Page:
Rather than using your own judgment, some statistical measures of price volatility are available. One of the most popular is the Average True Range (ATR) indicator, which measures the average movement for a given currency pair (or stock, commodity, etc.) for a given time period.
The ATR indicator moves up and down as price moves in an asset become larger or smaller. The indicator is based on price moves, so the reading is a dollar amount. For example, in stock trading, an ATR reading of 0.23 means that the price moves $0.23, on average, each price bar. In forex, the indicator will show pips, where a reading of 0.0025 means 25 pips.
A new ATR reading is calculated as each time period passes. On a one-minute chart, a new ATR reading is calculated each minute. On a daily chart, a new ATR is calculated each day. All these readings are plotted to form a continuous line, so traders can see how volatility has changed over time.
Because the ATR is based on how much each asset moves, the reading for one asset isn't compared to other assets in isolation. To understand the indicator better, here is how it is calculated.
Finding the A, or the average first requires finding the True Range (TR).
The TR is the greatest of the following:
Whether the number is positive or negative doesn't matter. The highest absolute value is used in the calculation.
The values are recorded each day, and then an average is taken. If the ATR is averaged over 14 time periods, then the formula is as follows:
ATR = [(Prior ATR x 13) + Current TR] / 14
Continue reading about ATR or start playing around in a risk-free demo account and notice how ATR indicator works in real time.
Typically, the default setting is 14 periods, that is, 14 days on a daily chart, 14 hours on an hourly chart, and so forth, but over time you may want to experiment with that setting. Knowing the ATR for a given period, traders can choose to place stops a given percentage of that range away from the entry point. For example, traders with great confidence in the direction of the trend who want to avoid having their stop loss hit would place their stop loss 80 to 100 percent of the ATR beyond their entry point near strong support. They’ll accept the larger loss if that stop is hit because they believe the likelihood of that happening is low. Those with less confidence and more risk aversion who want smaller losses (even if there are more of them because the stop gets hit) might place their stop closer, perhaps 50 percent or less of the ATR away from the entry point. Once you know the average volatility for a given period via the ATR, you have a better idea of how far away your fixed or trailing stop-loss order needs to be to avoid getting hit by random price movements.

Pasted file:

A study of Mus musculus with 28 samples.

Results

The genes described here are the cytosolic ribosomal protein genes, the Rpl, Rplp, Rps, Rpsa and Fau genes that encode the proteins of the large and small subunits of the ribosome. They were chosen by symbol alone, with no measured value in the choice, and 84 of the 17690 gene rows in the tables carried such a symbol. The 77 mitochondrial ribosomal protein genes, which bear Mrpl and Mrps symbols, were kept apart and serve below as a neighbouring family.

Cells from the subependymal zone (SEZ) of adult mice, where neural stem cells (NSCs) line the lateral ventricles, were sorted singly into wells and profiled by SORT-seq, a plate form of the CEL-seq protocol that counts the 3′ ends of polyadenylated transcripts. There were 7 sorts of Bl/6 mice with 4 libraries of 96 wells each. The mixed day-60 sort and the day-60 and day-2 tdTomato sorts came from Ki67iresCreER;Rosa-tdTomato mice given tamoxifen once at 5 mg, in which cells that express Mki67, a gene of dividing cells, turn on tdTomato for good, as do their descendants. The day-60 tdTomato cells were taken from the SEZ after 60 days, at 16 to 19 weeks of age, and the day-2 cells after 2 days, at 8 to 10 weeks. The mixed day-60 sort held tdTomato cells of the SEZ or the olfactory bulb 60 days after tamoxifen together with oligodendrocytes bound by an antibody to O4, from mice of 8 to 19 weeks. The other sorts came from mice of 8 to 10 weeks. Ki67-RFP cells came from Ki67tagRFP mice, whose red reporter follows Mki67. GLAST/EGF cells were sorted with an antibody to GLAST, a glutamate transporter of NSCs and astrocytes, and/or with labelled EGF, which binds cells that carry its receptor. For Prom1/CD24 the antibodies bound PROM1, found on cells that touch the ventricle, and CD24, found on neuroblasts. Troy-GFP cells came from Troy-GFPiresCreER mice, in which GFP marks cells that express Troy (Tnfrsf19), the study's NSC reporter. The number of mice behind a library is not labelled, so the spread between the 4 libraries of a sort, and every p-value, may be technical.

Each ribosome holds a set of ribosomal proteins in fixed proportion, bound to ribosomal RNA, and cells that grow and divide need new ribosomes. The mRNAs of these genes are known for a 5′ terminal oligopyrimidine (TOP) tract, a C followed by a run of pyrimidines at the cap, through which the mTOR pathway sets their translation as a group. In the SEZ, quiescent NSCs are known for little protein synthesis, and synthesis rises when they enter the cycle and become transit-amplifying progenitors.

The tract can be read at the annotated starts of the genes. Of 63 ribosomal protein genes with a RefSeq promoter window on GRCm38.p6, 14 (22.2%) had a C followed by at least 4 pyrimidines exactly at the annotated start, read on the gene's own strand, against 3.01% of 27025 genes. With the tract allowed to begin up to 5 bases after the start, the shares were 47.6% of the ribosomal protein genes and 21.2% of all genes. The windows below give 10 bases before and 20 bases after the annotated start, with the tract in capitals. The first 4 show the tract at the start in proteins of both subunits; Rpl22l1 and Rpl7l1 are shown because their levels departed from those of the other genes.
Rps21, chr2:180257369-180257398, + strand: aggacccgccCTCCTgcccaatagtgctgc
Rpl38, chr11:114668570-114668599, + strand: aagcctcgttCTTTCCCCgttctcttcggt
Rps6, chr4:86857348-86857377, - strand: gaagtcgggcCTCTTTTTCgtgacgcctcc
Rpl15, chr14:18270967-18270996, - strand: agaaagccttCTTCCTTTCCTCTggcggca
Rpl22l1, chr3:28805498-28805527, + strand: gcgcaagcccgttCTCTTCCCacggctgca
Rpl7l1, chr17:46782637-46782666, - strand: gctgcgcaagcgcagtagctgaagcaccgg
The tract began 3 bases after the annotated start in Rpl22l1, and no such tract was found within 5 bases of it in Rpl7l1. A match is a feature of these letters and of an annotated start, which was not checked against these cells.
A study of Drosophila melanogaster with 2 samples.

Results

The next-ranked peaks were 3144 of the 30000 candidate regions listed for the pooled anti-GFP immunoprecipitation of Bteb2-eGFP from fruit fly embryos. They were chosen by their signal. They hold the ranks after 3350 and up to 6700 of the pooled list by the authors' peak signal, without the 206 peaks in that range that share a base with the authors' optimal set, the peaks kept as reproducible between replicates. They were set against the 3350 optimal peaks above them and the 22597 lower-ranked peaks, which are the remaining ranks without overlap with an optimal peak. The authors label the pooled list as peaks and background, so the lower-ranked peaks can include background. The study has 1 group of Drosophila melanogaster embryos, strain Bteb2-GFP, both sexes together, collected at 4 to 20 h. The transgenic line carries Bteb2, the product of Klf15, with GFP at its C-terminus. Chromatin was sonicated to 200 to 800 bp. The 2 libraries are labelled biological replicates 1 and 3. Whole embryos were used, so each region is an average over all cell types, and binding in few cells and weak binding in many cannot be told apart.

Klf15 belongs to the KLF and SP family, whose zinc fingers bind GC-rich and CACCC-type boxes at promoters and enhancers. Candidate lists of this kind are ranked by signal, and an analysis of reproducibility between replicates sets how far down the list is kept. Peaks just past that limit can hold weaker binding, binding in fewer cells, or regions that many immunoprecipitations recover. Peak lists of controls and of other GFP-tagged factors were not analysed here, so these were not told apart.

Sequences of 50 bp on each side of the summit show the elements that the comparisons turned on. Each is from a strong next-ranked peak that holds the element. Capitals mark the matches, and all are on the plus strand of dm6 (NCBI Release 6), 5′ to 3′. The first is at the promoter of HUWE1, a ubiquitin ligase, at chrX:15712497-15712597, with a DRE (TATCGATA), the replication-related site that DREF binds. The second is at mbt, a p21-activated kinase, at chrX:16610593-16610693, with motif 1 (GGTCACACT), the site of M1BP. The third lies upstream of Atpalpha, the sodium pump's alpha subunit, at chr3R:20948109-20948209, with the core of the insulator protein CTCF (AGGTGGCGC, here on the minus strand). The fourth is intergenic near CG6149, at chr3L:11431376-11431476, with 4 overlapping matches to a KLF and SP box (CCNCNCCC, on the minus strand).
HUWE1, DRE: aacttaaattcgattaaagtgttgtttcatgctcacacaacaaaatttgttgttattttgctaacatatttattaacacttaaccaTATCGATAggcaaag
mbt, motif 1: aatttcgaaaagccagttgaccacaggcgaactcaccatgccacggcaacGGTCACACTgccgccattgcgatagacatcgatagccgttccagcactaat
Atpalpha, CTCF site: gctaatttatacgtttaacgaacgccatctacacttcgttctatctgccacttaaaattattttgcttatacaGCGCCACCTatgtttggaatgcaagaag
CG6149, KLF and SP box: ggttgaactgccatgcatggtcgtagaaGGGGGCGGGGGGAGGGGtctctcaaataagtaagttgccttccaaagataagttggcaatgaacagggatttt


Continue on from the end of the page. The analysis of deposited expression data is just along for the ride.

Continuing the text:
Let's see an example of how to use ATR to gauge volatility and place a fixed or Trailing Stop Loss order.
We refer to the above example. In Figure below, we show the same EURUSD daily chart showing the daily candle for the entry date of the trade on August 11, but this time we include an ATR, which shows that over the past 14 days or daily candles, the average price range was about 210 pips. Those interested in how ATR is calculated can look it up online.
In this example, we based our stop losses on the other factors mentioned previously. However, if we wanted to lower the chances of getting stopped out of the trade-in exchange for the risk of more loss if the trade turned against us, we could have set the stop loss at a distance 50 percent or more of the ATR, 105 pips, beneath the entry point, or some different percentage of ATR.
The point here is that there are different ways to determine how far away you set your stop loss. In this forex trading example, we used the recent lows as a guide though we could have used ATR instead. Much depends on factors like your risk appetite, market conditions, and confidence in the trade. For example, if you’ve caught a pullback to strong support in an overall strong uptrend, you might have more confidence that this uptrend will resume and allow a wider stop loss to avoid getting stopped out by random price movements. When you’re less confident, you might keep stops tighter.
This section shows you how to set up the ATR indicator in MT5. It assumes that you have opened a chart.
Add an ATR indicator and set the parameters of this indicator:
Setting the common parameters
After you have completed the step above, the settings menu appears.
Most indicators can be controlled by several common parameters.
There are two types of parameters:
Changing parameters at a later time
To change the settings of the indicator directly on the chart at a later date:
The parameter menu appears again where you can change the indicator.
Deleting an indicator
To delete the ATR indicator:
The ATR indicator disappears from your chart.
ATR is not a directional indicator like MACD or RSI, but rather a unique volatility indicator that reflects the degree of interest or disinterest in a move. Strong moves, in either direction, are often accompanied by large ranges, or large True Ranges. This is especially true at the beginning of a move. Uninspiring moves can be accompanied by relatively narrow ranges. As such, ATR can be used to validate the enthusiasm behind a move or breakout. A bullish reversal with an increase in ATR would show strong buying pressure and reinforce the reversal. A bearish support break with an increase in ATR would show strong selling pressure and reinforce the support break.
Understanding how to read ATR indicator is important, but if you want some help, MetaTrader 5 AM Broker offers a useful Indicator toolkit and our trainers can provide you the right guidance. Play around in a demo forex and notice how ATR indicator can make you serious money.